What is Zero Pesticide Residue Label?
In response to the growing concerns over health, a collective of French companies got behind an initiative in the French market termed as zero-residue label.
The Zero Pesticide Residue Label is used on any fruit and vegetable containing no more than 0.01mg per kilo, the lowest quantifiable level, with independent tests. The "zero pesticide residue" is said to be the third pathway between conventional agriculture and organic farming.
Although, the first thing to know is that even food labeled “pesticide-free” is not truly free of pesticides. Pesticide residues are everywhere in the environment, and there’s no way to produce food on a large scale that contains no trace of these contaminants. Residues may also be present in foods at levels below the limits of widely used testing methods. “None detected” or “below quantifiable level” isn’t the same as “zero.”
The process differs from organic farming as it does allow use of crop protection chemicals, mineral fertilizers, bio-control products but in controlled and sparing quantities. The process adhere that fruits and vegetables have the right to grow on nutritious substrates.
The Zero Residue process commenced in France, in 2017 with the launch of Paysan de Rougeline's (Farmers of Southern France) zero-residue tomatoes and strawberries in the market. Since that time, more companies, from different regions of France and producing different items, joined the collective, including Blue Whale, an apple exporter located in Montauban; Océane, a Nantes-based cooperative growing tomatoes, cucumbers, lamb's lettuce and leeks; potato specialist Pomme Alliance from Orly; Larrère, a Landes-based carrot producer; Fruits et Compagnie, growers of stonefruit and topfruit in the Gard; and Lindor, a producer of golden apples in the Limousin.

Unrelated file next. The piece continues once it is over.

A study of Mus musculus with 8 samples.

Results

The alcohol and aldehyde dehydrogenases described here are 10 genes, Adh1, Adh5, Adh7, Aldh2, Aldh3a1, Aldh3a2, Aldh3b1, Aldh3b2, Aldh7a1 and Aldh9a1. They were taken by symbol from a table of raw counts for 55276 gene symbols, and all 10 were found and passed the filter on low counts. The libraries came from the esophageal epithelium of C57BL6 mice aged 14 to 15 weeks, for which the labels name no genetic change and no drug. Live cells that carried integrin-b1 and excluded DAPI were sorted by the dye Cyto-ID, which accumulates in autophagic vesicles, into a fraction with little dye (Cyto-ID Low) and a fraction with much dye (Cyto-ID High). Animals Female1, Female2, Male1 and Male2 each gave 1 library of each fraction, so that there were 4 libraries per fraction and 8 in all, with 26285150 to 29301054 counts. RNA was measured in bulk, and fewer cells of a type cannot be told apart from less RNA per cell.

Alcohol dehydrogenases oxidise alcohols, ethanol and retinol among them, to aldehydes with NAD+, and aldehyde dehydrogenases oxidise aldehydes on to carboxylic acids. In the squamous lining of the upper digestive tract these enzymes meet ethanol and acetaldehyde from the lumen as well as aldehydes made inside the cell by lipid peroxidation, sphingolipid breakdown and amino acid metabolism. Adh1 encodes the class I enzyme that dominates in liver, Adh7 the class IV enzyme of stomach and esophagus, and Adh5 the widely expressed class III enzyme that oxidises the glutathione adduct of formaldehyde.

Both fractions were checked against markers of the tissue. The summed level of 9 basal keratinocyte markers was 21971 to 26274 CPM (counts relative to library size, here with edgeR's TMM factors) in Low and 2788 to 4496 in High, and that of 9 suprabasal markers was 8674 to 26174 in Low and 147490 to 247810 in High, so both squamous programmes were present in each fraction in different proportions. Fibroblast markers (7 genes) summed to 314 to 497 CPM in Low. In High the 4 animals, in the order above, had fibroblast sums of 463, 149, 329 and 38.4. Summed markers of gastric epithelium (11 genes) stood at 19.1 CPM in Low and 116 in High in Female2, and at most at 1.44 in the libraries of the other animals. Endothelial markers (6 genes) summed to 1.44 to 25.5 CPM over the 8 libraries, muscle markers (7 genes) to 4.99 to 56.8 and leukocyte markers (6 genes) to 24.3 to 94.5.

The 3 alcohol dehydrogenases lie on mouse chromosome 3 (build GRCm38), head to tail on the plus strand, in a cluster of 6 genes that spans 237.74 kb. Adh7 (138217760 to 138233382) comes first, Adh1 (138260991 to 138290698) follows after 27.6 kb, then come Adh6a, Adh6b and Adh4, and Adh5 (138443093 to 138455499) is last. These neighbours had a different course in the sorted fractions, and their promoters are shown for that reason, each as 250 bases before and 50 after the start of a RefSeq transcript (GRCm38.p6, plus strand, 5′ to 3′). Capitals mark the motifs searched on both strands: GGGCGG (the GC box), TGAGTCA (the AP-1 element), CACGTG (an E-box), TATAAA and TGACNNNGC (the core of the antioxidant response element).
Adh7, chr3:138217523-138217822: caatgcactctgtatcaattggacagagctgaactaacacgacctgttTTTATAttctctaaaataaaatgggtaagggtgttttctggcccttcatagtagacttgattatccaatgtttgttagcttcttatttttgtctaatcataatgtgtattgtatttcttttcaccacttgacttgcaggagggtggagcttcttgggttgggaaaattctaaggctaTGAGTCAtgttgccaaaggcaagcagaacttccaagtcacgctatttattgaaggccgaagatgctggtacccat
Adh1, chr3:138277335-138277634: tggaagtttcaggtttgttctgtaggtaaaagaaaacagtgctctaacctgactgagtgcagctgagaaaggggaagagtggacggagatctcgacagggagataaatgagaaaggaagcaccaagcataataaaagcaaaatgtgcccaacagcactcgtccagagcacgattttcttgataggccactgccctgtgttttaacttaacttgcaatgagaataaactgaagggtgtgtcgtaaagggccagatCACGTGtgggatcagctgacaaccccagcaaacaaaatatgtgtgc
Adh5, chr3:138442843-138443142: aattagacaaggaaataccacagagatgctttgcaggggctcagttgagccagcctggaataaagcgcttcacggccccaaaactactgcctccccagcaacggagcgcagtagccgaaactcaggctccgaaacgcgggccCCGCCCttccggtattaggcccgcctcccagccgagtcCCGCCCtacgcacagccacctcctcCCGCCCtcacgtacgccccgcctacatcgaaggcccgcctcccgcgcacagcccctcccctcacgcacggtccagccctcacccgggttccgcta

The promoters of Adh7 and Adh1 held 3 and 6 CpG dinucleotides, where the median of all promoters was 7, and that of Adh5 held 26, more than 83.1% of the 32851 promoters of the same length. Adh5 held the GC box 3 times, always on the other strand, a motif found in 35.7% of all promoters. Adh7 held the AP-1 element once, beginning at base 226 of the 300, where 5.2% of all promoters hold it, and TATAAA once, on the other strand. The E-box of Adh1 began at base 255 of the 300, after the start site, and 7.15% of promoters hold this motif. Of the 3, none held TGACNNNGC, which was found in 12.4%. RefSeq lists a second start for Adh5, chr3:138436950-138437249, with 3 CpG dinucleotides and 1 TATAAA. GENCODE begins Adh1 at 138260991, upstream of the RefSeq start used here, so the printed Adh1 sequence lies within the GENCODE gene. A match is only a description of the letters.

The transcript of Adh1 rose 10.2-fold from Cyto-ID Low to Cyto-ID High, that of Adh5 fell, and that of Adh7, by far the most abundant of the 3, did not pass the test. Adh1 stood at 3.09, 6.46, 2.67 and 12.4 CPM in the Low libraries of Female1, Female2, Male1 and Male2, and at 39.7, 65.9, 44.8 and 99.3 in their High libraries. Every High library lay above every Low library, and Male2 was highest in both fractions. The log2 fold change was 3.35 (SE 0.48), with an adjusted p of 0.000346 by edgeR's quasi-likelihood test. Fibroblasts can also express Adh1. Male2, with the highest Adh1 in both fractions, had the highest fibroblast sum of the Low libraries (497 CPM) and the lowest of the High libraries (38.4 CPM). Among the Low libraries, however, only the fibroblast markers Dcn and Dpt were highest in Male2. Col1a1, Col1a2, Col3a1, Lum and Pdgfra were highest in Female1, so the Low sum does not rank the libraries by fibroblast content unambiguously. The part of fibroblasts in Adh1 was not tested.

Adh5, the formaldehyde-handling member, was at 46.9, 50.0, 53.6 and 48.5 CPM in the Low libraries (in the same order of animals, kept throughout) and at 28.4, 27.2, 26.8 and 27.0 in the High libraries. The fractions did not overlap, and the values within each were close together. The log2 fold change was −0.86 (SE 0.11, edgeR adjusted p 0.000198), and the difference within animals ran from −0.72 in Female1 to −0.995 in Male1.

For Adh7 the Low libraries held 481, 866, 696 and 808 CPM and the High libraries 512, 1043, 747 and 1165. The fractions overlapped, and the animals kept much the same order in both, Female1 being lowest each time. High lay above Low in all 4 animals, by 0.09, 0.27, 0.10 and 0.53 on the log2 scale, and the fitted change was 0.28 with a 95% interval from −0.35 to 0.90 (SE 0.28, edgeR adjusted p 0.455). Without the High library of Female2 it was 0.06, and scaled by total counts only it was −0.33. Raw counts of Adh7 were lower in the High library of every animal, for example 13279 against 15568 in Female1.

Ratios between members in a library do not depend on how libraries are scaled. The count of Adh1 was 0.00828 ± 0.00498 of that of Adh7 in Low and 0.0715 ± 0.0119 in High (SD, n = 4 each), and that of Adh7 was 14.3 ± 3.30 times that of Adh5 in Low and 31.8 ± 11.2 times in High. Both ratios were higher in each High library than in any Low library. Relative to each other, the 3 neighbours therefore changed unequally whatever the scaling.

In February of 2018 these fruit and vegetable producers across France joined the initiative and launched a new label guaranteeing the consumer a product free of pesticide residues. Companies belonging to the collective were dubbed Nouveaux Champs (like newcomer champions), and represented 10 per cent of French consumption, with a view to growing that proportion to 20 per cent within five years. Within a year of the launch of the label, 3,000 producers adopted it in France.
In 2018, 300,000 tonnes of fruit and vegetables were expected to be sold under the label, totaling 11 kinds of vegetable (including asparagus, onions, garlic, shallots and cress) and 12 fruits (including bananas, strawberries, raspberries, figs, kiwifruit, melons and mini-watermelons).
Achieving the target of zero pesticide residues is more costly for producers and involves more risk, requiring the use of resistant varieties, good agricultural practices, adapted production equipment, integrated biological protection and the management and enrichment of natural flora and fauna. For this reason, products bearing the label will command a premium.
The farmers who adopted this label avoid pesticides to the maximum by using nets, different agronomic techniques, crop rotations. They also favor varieties of potatoes, for example, that are more resistant than others. If they happen to use them, they do so sparingly and use pesticides that disappear once the fruit is ripe. In addition, they carry out lab analyses to guarantee that no traces are left at the end. If these analyses reveal traces of pesticide residues, the fruit or vegetable is downgraded.
However, some critics have argued that, to respond in such a way to suggestions that produce containing residues under the legal maximum level is unsafe, risks diminishing the perception of all non-zero-residue produce.
This year 2019, the “Nouveaux Champs” Collective is determined to make its voice heard at the Agricultural Show. This third way seduces consumers because the prices are situated between the classic and organic prices of fruits and vegetables.